Smart spaces welcome employees back to work
“Smart building” is often used to indicate that a building uses less energy and lowers operating costs. This is correct – building automation pays for itself in the space of a few years. However, a smart building is much more than “just” a resource-optimized facility. It is an incentive to be in the office and a reassurance that workers can return there safely. The employee is at the core of a smart space, together with her/his workplace needs and preferences. The intelligent building contributes not only to a sustainable way of business, but also to corporate success in the broadest sense.
The link between workspaces and wellbeing has been a longstanding topic of interest among businesses. Next to personnel management, working atmosphere and remuneration, the quality of the workplace emerges as a key factor in employee wellbeing. Smart buildings can make a significant contribution to workplace quality by providing optimal air quality, lighting, thermal comfort and flexible interaction with a modern office environment. In addition, sensor systems can ensure that health risks from returning to work after lockdown are kept to a minimum.
Air and light
The direct effects of indoor air quality on human wellbeing have been thoroughly analyzed. For example, above a CO2 level of 582 ppm, air quality is perceived as increasingly poor and concentration problems occur more frequently. Thermal comfort also plays a decisive role in workplace wellbeing and employee health. At 28°C, physical performance can drop by as much as 50 percent while psychological performance can suffer a 20-percent loss.
Indoor spaces still remain a potential health risk. This includes the possible transmission of the coronavirus. Therefore, monitoring air quality is more important than ever. According to the Federal Environment Agency, a CO2 concentration of <1000 ppm indoors is hygienically safe. Levels between 1000 and 2000 ppm are considered critical and anything above that is unacceptable.
Smart spaces form networked ecosystems where people and places interact in a flexible and needs-oriented way, thanks to an intelligent infrastructure management system using sensor-generated building status data. Maintenance-free wireless solutions built on open standards – e.g. EnOcean (ISO/IEC 14543-3-10) – allow for maximum flexibility, low-cost installation and economical operation. The factors primarily influencing employee productivity and office hygiene – temperature, air quality, lighting conditions and cleanliness – can be monitored and influenced according to the number of persons inside the building. They add a virtual component to the physical workspace and enable individual adjustment in accordance with subjective needs and preferences.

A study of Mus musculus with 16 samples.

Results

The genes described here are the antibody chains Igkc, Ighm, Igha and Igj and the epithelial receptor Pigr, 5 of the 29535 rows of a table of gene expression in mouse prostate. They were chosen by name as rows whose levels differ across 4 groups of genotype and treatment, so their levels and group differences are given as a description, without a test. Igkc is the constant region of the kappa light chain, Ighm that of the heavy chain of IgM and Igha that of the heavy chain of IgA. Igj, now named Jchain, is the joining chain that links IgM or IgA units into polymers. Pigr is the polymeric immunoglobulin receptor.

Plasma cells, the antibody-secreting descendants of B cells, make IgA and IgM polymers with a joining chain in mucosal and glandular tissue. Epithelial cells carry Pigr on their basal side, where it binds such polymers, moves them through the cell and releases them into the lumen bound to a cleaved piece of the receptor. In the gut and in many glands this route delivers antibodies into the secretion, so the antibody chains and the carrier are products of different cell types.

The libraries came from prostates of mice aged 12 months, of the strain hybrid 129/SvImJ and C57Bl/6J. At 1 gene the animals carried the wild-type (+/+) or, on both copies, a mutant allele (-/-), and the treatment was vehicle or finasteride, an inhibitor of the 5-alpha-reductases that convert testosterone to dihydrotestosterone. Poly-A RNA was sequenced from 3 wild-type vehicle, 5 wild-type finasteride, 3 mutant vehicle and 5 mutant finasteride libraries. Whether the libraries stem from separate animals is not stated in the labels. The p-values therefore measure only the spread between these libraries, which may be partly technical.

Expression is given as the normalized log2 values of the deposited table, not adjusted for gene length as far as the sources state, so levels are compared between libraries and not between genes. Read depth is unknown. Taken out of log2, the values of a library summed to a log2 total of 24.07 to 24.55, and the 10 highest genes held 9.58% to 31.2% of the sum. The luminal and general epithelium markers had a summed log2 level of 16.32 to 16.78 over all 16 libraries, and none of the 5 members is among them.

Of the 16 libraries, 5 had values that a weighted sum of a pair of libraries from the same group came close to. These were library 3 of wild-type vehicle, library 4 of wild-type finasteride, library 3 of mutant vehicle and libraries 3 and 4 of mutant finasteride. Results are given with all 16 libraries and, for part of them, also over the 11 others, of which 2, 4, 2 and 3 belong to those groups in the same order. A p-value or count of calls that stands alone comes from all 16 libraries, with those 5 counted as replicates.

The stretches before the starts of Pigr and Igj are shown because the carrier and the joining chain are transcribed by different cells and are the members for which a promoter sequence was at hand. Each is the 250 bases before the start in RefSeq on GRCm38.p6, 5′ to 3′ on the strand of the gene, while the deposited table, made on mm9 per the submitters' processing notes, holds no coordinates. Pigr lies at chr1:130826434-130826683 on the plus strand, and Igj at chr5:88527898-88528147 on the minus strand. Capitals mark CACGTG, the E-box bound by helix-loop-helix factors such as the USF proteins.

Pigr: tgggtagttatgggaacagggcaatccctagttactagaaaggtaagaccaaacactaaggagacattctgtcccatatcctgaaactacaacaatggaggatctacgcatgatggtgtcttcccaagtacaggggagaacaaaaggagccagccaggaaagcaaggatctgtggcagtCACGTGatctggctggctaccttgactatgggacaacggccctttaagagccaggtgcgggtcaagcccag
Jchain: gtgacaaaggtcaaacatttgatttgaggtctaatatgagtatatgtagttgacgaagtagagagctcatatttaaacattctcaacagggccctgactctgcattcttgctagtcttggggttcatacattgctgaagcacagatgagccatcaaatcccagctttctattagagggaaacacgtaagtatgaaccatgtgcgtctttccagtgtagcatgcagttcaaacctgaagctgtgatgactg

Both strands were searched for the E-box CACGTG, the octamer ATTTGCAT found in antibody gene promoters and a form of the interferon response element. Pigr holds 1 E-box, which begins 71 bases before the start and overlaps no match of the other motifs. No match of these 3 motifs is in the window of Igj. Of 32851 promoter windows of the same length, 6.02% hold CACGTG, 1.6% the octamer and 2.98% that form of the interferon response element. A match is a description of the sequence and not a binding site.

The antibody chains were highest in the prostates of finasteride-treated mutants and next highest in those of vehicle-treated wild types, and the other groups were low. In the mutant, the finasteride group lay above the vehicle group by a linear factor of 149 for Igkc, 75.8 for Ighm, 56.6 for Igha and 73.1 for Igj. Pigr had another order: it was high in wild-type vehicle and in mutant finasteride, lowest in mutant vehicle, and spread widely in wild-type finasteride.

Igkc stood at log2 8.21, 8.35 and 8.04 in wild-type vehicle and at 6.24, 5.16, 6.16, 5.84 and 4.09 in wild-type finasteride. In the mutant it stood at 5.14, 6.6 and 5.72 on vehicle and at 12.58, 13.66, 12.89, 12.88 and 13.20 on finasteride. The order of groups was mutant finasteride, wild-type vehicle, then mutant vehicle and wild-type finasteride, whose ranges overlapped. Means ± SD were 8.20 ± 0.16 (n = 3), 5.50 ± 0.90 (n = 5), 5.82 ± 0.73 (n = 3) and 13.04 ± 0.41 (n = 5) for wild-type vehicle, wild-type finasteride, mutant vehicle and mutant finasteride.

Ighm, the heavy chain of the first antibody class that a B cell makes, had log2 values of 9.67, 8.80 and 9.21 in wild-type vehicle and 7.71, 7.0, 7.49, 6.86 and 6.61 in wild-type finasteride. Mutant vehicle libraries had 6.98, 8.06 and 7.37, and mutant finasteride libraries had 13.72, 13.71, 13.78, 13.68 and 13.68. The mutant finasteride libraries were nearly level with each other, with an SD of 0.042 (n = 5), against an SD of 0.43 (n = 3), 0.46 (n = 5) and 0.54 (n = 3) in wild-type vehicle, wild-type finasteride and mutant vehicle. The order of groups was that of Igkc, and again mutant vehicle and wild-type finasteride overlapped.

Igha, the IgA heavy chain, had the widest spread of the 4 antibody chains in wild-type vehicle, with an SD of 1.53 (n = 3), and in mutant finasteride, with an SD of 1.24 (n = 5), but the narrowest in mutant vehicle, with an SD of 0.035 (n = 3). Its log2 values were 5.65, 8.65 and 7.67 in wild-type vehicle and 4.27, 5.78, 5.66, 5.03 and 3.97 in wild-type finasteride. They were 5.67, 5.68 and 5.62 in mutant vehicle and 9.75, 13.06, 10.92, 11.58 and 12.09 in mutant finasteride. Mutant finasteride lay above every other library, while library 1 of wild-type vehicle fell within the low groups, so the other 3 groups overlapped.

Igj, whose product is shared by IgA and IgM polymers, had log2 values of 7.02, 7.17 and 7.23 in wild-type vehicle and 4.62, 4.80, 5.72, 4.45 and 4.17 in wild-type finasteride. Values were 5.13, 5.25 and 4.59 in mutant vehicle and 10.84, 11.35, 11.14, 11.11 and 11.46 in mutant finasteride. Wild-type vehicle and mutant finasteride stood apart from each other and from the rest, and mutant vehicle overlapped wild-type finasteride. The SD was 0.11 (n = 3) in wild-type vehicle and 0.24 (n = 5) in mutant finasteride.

Sensor networks increase safety
Energy harvesting sensors, with their capacity to measure occupancy, can have a significant impact in ensuring coronavirus countermeasures are adhered to in the workspace. Occupancy sensors under desks and in bathrooms can monitor actual usage and direct thorough cleaning to the most regularly visited areas. An alarm can sound in meeting rooms when a space is over its safe capacity. Smart sensors on soap dispensers can alert cleaners of when these vital requirements need refilling. And maintenance-free CO2 radio sensors reliably report when ventilation is required. This can then be done manually or in combination with the building automation system.
Maintenance-free wireless technology for flexible data harvesting
Smart Building requirements must be taken into consideration in the early planning stage. This is particularly important for the sensor networks. Maintenance-free wireless devices with energy-harvesting technology use environmental energy as their source of power. Kinetic energy, pressure, light and temperature differences can all be used to generate sufficient electricity. The advantage: These “peel & stick” sensors need neither mains power nor batteries. They can be fitted wherever needed, on any surface, saving time and money for installation and operation while enabling quick and easy retrofitting in older buildings.
Thanks to these sensors, the smart building can monitor the status of its environment and use this data to make any necessary adjustment or for analytical purposes. The data is gathered and processed by a cloud-based IT platform, as a “digital twin” if required. The physical space is combined with digital services and analytical tools. A “dashboard” can then present the data in a user-friendly way for managers and decision makers to view and act on.